Hello Hanoi

Trip Start Jan 10, 2005



Today, we find ourselves in a new city - and a new country. We spent much of yesterday travelling from Chiang Mai to Bangkok and then on to Hanoi by plane. As Martin says it was another "hurry up and wait" day. They rushed us off the plane at Bangkok to catch our flight to Hanoi, only to discover the plane would be 40 minutes late in taking off.

On the flight we met a young Thai man called "Nam" (an abbreviated version of his full name, of course!) who was travelling to Hanoi to spend a few days with his Vietnamese girlfriend and was then boarding an oil tanker bound for Thailand. Although he had a Bachelor of Arts degree (he proudly showed us his transcripts), the only work he could find was cooking on a ship.

We are staying in the Old Quarter in Hanoi where the traffic (described in our guidebook as "manic") makes Bangkok's seem tame. There's continual horn honking - the amount of horn honking seems to be directly related to the size of the vehicle as if to say "look at me! Motorcycles/scooters are everywhere. To cross the street, you take a deep breath, step off and assertively (but not too quickly) make your way to the other side. They drive around you. If the proximity of the driver and pedestrian is very close, you meet the eyes of the driver and there's this silent negotiation as to who will go first. It's all very unnerving. (I've seen just as many locals get hit as westerners, which is some consolation I guess!) There are some walk lights, but even on crosswalks pedestrians aren't safe because of motorists/bicycles turning right or left across the crosswalk! Pedestrians are definitely at the bottom of the pecking order in Vietnam! Sidewalks are also difficult to navigate as they seem to be used mainly for noodle (pho) restaurants (set up with plastic kiddie tables and stools), for motorcycle parking and for driving! Several streets in this area are focus on selling particular things - there's a street where they sell only shoes, a street for fancy hair ornaments, one for clothing, one for hardware and so on.

There seem to be few "rules of the road" when it comes to driving a motorcyle (no yield to the right, etc.). It's whoever can intimidate the other driver into yielding. No one wears helmets and you often see three people to a motocycle (one frequently being a young child). There are also no lanes - it's simply who can out manoever the person beside him/her!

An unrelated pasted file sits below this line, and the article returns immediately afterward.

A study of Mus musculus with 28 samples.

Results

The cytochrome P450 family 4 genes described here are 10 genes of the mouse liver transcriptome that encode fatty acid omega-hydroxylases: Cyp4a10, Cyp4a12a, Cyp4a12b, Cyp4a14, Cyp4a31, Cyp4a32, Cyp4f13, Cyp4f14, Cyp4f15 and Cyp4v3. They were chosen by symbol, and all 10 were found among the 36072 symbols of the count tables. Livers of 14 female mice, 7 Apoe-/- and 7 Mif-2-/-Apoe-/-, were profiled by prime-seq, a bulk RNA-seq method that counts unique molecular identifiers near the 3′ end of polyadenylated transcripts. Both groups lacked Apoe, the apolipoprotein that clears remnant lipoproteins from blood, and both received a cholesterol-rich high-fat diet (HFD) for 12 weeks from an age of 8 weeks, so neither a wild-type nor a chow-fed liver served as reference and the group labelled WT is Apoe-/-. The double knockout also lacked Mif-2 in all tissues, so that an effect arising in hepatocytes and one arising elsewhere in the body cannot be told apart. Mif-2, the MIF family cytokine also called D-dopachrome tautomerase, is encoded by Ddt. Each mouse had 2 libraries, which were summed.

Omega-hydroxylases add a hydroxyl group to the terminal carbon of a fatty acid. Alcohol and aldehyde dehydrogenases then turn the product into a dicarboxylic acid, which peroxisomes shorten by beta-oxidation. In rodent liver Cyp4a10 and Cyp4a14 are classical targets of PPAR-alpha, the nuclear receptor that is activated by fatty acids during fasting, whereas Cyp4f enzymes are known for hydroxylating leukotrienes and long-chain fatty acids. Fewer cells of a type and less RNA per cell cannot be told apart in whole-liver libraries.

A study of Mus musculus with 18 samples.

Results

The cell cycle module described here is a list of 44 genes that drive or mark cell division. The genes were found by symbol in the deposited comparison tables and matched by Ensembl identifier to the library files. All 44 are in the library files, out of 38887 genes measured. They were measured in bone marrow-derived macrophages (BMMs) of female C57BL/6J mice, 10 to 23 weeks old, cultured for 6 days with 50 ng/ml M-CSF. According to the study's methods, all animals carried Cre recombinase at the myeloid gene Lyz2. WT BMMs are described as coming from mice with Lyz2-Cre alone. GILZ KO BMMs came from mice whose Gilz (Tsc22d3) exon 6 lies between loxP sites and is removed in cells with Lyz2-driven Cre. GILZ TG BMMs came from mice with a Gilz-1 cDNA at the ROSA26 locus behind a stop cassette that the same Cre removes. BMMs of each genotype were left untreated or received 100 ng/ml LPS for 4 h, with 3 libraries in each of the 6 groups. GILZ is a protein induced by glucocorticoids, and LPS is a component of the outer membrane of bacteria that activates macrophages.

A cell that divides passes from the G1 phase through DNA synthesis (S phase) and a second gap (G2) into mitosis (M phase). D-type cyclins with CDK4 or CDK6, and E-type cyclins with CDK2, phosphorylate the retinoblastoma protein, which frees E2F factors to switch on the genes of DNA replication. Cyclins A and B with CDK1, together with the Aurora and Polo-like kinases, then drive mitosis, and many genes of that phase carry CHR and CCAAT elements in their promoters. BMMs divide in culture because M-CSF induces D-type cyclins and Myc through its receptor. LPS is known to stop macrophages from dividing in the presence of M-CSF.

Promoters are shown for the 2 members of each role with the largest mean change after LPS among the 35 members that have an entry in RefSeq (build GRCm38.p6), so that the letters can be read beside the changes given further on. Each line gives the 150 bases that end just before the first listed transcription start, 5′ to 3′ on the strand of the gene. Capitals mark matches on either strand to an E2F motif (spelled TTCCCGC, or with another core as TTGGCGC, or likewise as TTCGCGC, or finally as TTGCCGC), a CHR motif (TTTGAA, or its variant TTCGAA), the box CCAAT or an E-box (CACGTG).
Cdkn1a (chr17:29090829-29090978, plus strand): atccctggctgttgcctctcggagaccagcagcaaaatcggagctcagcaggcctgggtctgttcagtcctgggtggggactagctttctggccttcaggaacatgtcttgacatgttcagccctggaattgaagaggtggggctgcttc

Hanoi, population 3.5 million, is the capital of Vietnam. Vietnam's population is about 81 million, making it the 13th most populous nation on earth. Vietnamese are limited to two children/family, though the practice is generally followed only in the city. Vietnam is one of the poorest nations in SE Asia and is trying to change its reputation as one of the most corrupt.

The French have occupied Vietnam and their influence is still evident in the architecture and furnishings. Our hotel is a somewhat shabby charming place with heavy ornate French furnishings and drapery. Many of the light fixtures are art deco. As in France, the bread and pastries are wonderful and we are referred to by "monsieur" and "madame", which is much more preferable to "ma'am" that I get at home!

Houses here tend to be very narrow (about 10 feet wide) with ten foot ceilings and are usually two or three storeys tall. The family lives in the upper storey(s) and often uses the lower level as a shop to sell everything from fruit to bottled water to candy. As you walk by you hear the neverending chant, "Hello! You buy something from me"? The houses are made from brick and then stuccoed over and painted the most beautiful colours: salmon, teal, periwinkle, coral, seafoam green.

The currency here is the dong. There's about 12,000 dong to the Canadian dollar; 15,000 to the American dollar; therefore, when you change $100 USD, you end up with $1.5 million dong! It's very inspiring to see the balance in your bank account expressed in millions of dong! However, so many zeros make converting from one currency to the other confusing and it's great for rip-off artists who are looking for confused tourists.

There are hawkers everywhere trying to sell you tours, fruit, souvenirs, you name it. You have to be very assertive (seems to be a theme) with saying "no" and moving on.